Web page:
Grafendahn Castle belongs to the group of castles at Dahn, which also includes Altdahn and Tanstein. Although the three castles are sited next to one another on a rocky ridge, they were not built at the same time.
Grafendahn was built in 1287 by Conrad of Mursel, who was a Lehnsmann or vassal of the bishops of Speyer and a nephew of Frederick of Dahn. The castle was conceived from the outset as a so-called Ganerbenburg - a castle in which several families or family lines lived and worked at the same time. As early as 1288, there were five other heirs, besides Conrad Mursel, who included the counts of Sponheim. In 1339, Count John II of Sponheim purchased all parts of the site from the various parties concerned and thus became the sole owner.
In 1425, the castle defences were strengthened and, in 1437, when the House of Sponheim became extinct on the death of John V, it was transferred by inheritance treaty into the possession of the margraves of Baden. However its defences were not robust enough to withstand a siege by Prince Elector Frederick the Victorious; in 1462 he took the castle and had it slighted. It was clearly not rebuilt in a systematic way. In 1480 Hans von Trotha, who was already the liegeman of Berwartstein Castle, was also given Grafendahn as a fief by the prince elector, and took full ownership in 1485 through purchase. Nevertheless, around 1500, the castle was described as 'uninhabitable'.
Until 1637 the ruined castle belonged to the lords of Fleckenstein. In 1642 it changed hands again and was acquired by the tavern at Waldenburg, where it remained for about 150 years. In 1793 the site went back to the Bishopric of Speyer as Lehnsherr (liege lord), who did not enfeoff it again.
Grafendahn Castle is the smallest of the three Dahn castles and is located on the middle of the five castle rock outcrops. The development of the upper ward is rather unclear today due to its modern parapet walls. In the west of the upper ward are the striking ruins of a shield wall, that was erected facing Tanstein Castle. Parts of it have survived at its original height. It was built of rusticated ashlars. Against the shield wall there was a small palas as well as several domestic buildings.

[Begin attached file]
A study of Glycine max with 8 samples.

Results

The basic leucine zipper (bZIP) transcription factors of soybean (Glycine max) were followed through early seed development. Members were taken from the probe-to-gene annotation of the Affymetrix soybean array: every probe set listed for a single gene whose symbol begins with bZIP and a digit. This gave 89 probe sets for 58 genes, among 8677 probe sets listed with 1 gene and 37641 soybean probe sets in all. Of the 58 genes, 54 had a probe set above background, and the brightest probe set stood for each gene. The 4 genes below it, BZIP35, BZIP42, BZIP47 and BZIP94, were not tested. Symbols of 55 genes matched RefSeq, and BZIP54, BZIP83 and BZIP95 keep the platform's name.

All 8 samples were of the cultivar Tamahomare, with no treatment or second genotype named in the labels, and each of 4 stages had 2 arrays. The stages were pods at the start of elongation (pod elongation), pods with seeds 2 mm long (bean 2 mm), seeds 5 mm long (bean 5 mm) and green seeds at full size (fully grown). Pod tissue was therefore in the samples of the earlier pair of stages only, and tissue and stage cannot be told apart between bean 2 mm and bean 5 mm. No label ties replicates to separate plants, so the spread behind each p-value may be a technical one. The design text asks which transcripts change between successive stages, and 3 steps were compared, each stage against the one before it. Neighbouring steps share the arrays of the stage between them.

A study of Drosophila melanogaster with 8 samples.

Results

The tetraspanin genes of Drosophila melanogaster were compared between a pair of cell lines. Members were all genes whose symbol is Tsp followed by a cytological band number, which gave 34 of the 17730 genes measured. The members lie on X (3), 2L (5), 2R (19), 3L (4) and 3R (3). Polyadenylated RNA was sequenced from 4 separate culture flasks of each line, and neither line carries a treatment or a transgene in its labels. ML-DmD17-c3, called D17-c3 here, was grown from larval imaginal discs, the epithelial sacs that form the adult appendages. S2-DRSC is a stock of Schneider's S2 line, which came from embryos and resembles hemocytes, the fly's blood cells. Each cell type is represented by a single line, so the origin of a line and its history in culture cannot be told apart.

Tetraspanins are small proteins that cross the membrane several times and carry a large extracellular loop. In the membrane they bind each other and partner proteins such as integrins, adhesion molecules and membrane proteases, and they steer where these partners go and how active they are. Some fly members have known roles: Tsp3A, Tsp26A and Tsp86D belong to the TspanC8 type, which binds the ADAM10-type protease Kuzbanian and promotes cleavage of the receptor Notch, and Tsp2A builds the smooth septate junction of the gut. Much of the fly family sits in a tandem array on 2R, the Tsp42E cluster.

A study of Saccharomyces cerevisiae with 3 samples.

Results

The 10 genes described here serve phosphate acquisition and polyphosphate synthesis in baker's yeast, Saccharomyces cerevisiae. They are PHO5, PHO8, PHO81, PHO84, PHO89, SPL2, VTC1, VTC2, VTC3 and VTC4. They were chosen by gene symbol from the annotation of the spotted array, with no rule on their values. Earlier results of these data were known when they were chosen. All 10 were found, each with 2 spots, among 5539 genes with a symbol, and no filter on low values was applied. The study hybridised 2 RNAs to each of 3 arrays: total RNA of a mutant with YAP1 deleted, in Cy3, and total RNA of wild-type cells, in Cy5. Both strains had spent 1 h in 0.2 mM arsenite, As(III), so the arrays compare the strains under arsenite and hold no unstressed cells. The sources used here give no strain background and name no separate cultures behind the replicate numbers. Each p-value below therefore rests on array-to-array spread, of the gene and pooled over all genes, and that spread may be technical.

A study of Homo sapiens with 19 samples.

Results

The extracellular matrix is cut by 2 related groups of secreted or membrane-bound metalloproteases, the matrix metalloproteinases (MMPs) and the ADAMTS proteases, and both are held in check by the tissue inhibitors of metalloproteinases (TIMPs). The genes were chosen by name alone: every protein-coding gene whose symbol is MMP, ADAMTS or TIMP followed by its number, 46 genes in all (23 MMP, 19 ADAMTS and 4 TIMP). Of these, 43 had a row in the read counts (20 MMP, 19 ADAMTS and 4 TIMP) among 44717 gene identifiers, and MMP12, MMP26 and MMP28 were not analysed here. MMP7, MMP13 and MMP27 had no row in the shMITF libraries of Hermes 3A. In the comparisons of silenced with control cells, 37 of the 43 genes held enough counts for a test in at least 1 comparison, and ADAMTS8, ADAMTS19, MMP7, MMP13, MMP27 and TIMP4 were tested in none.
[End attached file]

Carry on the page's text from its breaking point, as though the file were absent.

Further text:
In the lower ward, which is situated on two narrow rock terraces, several chambers, cattle troughs and a well shaft have survived. The castle museum has been house in a restored stable blockReferences:
The Cloth Hall in Kraków dates to the Renaissance and is one of the city's most recognizable icons. It is the central feature of the main market square in the Kraków Old Town (listed as a UNESCO World Heritage Site since 1978).
The hall was once a major centre of international trade. Traveling merchants met there to discuss business and to barter. During its golden age in the 15th century, the hall was the source of a variety of exotic imports from the east – spices, silk, leather and wax – while Kraków itself exported textiles, lead, and salt from the Wieliczka Salt Mine.
Kraków was Poland's capital city and was among the largest cities in Europe already from before the time of the Renaissance. However, its decline started with the move of the capital to Warsaw in the very end of the 16th century. The city's decline was hastened by wars and politics leading to the Partitions of Poland at the end of the 18th century. By the time of the architectural restoration proposed for the cloth hall in 1870 under Austrian rule, much of the historic city center was decrepit. A change in political and economic fortunes for the Kingdom of Galicia and Lodomeria ushered in a revival due to newly established Legislative Assembly or Sejm of the Land. The successful renovation of the Cloth Hall, based on design by Tomasz Pryliński and supervised by Mayor Mikołaj Zyblikiewicz, Sejm Marshal, was one of the most notable achievements of this period.
The hall has hosted many distinguished guests over the centuries and is still used to entertain monarchs and dignitaries, such as Charles, Prince of Wales and Emperor Akihito of Japan, who was welcomed here in 2002. In the past, balls were held here, most notably after Prince Józef Poniatowski had briefly liberated the city from the Austrians in 1809. Aside from its history and cultural value, the hall still is still used as a center of commerce.
On the upper floor of the hall is the Sukiennice Museum division of the National Museum, Kraków. It holds the largest permanent exhibit of the 19th-century Polish painting and sculpture, in four grand exhibition halls arranged by historical period and the theme extending into an entire artistic epoch. The museum was upgraded in 2010 with new technical equipment, storerooms, service spaces as well as improved thematic layout for the display.
The Gallery of 19th-Century Polish Art was a major cultural venue from the moment it opened on October 7, 1879. It features late Baroque, Rococo, and Classicist 18th-century portraits and battle scenes by Polish and foreign pre-Romantics.